I was not surprised when I viewed Amanda Marcotte's presentation on online feminism at this year's Netroots Nation conference, in which she pointed mostly to young, hip, white female bloggers writing today. While there are many women of color blogging at sites like the Crunk Feminist Collective, women of color were represented in Marcotte's PowerPoint presentation by one stock photo of a Black woman holding car keys, with a statement about how online feminists are "driving the movement forward." The PowerPoint slide is indicative of a larger problem in feminism: the inability to see or identify with women of color who are feminists. It's not a good look, but then again, this slight is not unexpected given the history between white women and feminists of color.

My purpose in this piece is not to bash Amanda Marcotte—a contributor here at RH Reality Check—but to illuminate some of the long history of tension between the feminist movement and women of color. Writing this piece in the wake of the George Zimmerman trial has not been easy. Is it always going to be this way? Will it always be this difficult to come together with white feminists, as women of color, to work on the many pressing issues in this country, including the rollback of women's rights, specifically reproductive rights?

The tension between white feminists and feminists of color has existed for a long time, in part because of race, class, and positionality. It is fair to ask, "Why is it so hard for white feminists to embrace, celebrate, and partner with their sisters of color?" Is intersectionality just a dream, or can we work past this conundrum?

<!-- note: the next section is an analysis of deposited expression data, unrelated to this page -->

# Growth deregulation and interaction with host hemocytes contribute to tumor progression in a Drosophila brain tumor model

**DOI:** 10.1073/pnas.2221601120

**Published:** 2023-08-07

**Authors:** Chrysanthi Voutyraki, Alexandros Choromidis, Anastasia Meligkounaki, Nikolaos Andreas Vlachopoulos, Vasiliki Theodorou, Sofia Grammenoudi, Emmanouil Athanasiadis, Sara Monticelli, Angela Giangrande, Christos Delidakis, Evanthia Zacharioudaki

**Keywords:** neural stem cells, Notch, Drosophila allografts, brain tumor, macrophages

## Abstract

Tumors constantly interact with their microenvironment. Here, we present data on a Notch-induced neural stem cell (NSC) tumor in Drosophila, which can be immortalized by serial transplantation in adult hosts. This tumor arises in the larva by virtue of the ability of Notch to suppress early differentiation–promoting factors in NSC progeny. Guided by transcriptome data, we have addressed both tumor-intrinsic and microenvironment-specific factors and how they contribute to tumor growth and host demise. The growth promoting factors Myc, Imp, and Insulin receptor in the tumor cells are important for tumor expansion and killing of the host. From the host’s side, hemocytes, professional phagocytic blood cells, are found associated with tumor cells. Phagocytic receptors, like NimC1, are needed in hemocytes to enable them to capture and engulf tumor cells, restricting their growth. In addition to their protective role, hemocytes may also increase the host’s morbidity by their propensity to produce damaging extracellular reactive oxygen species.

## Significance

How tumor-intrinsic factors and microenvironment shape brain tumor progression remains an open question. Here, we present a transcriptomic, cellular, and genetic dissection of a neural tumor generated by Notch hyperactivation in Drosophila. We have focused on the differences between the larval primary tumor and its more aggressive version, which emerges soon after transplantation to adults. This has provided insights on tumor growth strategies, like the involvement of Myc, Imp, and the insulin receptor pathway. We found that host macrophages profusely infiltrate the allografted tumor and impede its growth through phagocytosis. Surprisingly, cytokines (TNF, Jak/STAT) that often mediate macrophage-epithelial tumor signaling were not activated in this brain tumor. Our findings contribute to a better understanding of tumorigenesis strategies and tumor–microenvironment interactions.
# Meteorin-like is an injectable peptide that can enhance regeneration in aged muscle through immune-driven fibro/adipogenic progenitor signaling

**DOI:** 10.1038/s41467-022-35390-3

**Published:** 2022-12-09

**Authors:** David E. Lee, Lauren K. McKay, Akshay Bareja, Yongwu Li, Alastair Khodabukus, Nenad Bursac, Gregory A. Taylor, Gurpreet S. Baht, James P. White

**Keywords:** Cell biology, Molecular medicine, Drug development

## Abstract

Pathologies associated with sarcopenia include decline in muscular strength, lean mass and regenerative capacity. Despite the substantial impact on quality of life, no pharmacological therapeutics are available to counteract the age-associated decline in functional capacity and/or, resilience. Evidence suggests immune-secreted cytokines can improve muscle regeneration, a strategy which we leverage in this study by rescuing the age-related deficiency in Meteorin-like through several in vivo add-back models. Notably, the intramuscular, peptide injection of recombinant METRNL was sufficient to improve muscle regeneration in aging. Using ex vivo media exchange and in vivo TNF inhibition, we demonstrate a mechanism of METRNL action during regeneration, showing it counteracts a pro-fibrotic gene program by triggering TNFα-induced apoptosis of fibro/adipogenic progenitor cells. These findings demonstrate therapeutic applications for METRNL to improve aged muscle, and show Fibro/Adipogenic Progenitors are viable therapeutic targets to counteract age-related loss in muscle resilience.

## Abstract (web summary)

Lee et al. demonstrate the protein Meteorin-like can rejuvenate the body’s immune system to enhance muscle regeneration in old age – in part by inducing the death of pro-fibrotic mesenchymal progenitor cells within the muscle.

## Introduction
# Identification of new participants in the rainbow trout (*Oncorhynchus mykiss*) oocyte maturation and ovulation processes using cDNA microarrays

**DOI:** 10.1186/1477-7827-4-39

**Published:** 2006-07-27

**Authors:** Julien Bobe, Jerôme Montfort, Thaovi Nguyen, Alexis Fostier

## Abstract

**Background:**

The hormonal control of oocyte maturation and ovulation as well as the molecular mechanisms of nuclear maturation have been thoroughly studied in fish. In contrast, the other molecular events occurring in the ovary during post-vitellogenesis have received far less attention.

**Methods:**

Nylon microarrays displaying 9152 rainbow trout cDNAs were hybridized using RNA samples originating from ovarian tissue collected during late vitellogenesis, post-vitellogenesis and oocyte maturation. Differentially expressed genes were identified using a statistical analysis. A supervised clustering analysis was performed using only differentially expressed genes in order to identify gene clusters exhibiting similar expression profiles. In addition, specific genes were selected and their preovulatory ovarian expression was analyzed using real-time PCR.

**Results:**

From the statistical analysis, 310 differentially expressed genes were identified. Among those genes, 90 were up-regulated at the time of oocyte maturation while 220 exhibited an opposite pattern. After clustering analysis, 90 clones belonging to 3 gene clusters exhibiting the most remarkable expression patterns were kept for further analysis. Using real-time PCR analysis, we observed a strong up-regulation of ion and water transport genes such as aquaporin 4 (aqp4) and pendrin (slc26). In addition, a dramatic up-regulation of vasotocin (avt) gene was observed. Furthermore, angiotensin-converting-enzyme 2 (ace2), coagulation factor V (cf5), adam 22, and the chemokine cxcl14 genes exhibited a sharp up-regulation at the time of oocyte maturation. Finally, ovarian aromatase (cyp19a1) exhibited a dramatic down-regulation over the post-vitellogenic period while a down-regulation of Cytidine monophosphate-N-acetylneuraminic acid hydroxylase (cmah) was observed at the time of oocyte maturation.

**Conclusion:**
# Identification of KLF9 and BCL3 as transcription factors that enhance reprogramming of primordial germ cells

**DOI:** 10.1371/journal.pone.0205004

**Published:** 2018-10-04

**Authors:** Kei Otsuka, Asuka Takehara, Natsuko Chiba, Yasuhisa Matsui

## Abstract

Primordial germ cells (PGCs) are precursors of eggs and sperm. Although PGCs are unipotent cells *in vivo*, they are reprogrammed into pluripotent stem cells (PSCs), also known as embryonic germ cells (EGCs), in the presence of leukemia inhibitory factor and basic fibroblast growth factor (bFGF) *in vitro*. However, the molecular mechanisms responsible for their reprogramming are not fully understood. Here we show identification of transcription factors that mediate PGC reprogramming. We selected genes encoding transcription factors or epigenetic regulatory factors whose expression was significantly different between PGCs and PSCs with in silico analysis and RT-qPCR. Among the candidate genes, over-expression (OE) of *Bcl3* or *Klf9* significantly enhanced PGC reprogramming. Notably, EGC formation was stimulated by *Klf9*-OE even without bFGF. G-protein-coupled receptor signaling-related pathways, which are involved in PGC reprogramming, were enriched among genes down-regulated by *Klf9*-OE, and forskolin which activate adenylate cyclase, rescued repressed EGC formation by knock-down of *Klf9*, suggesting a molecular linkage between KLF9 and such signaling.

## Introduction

It is time for white feminists to become more aware of their internalized compliance to the "isms" that threaten to divide us all, from historical and contemporary perspectives. How can we come together without being torn apart by the other "ism" that threatens feminism: racism? A brief look at the history of the feminist movement and women of color, and a prescription for our future together, is long overdue.

A History of Privileged Positions

Women of color have never had the luxury of simply focusing on women's issues. Considerations of race, racism, and economic and social injustices have always intertwined with issues of patriarchy and sexism. Women of color who also hold feminist beliefs are also acutely aware of how their communities, broadly defined, are affected by outside forces. One classic standoff in the history of the women's movement and feminism was between journalist and civil rights leader Ida B. Wells and women's suffragist Frances Willard. Wells wanted Willard to recognize the problem of lynching in the South, but Willard believed that Black men were drinkers and responsible for the rape of white women. It's reprehensible, yes, but Willard's privileged position kept her from seeing the issues that were important for the Black community and Ida B. Wells. It also showed how she bought into the narrative of stereotypes about African-American men, accepting the trumped-up notion that African-American men, presumed to be more alcoholic than white men, were a sexual menace to white women and were being properly targeted. Wells fought against this strenuously, and their battle strained relationships between African-American and white women in the suffrage and temperance movements.

Even with the advent of the fully-formed feminist movement in the post-civil-rights-movement 1970s, Black women and other women of color were regulated to the sidelines, while white women became the face of feminism. As Gloria Steinem's good looks were heralded as the face of feminism, other women of color were partnering together to work for a common cause. The Combahee River Collective Statement from 1977 chronicled the genesis, interests, and issues Black feminists faced, and their statements still resonant today. The statement importantly noted that Black feminists were interested in combating a "range of oppressions." It said, "We do not have racial, sexual, heterosexual, or class privilege to rely upon, nor do we have even the minimal access to resources and power that groups who possess anyone of these types of privilege have."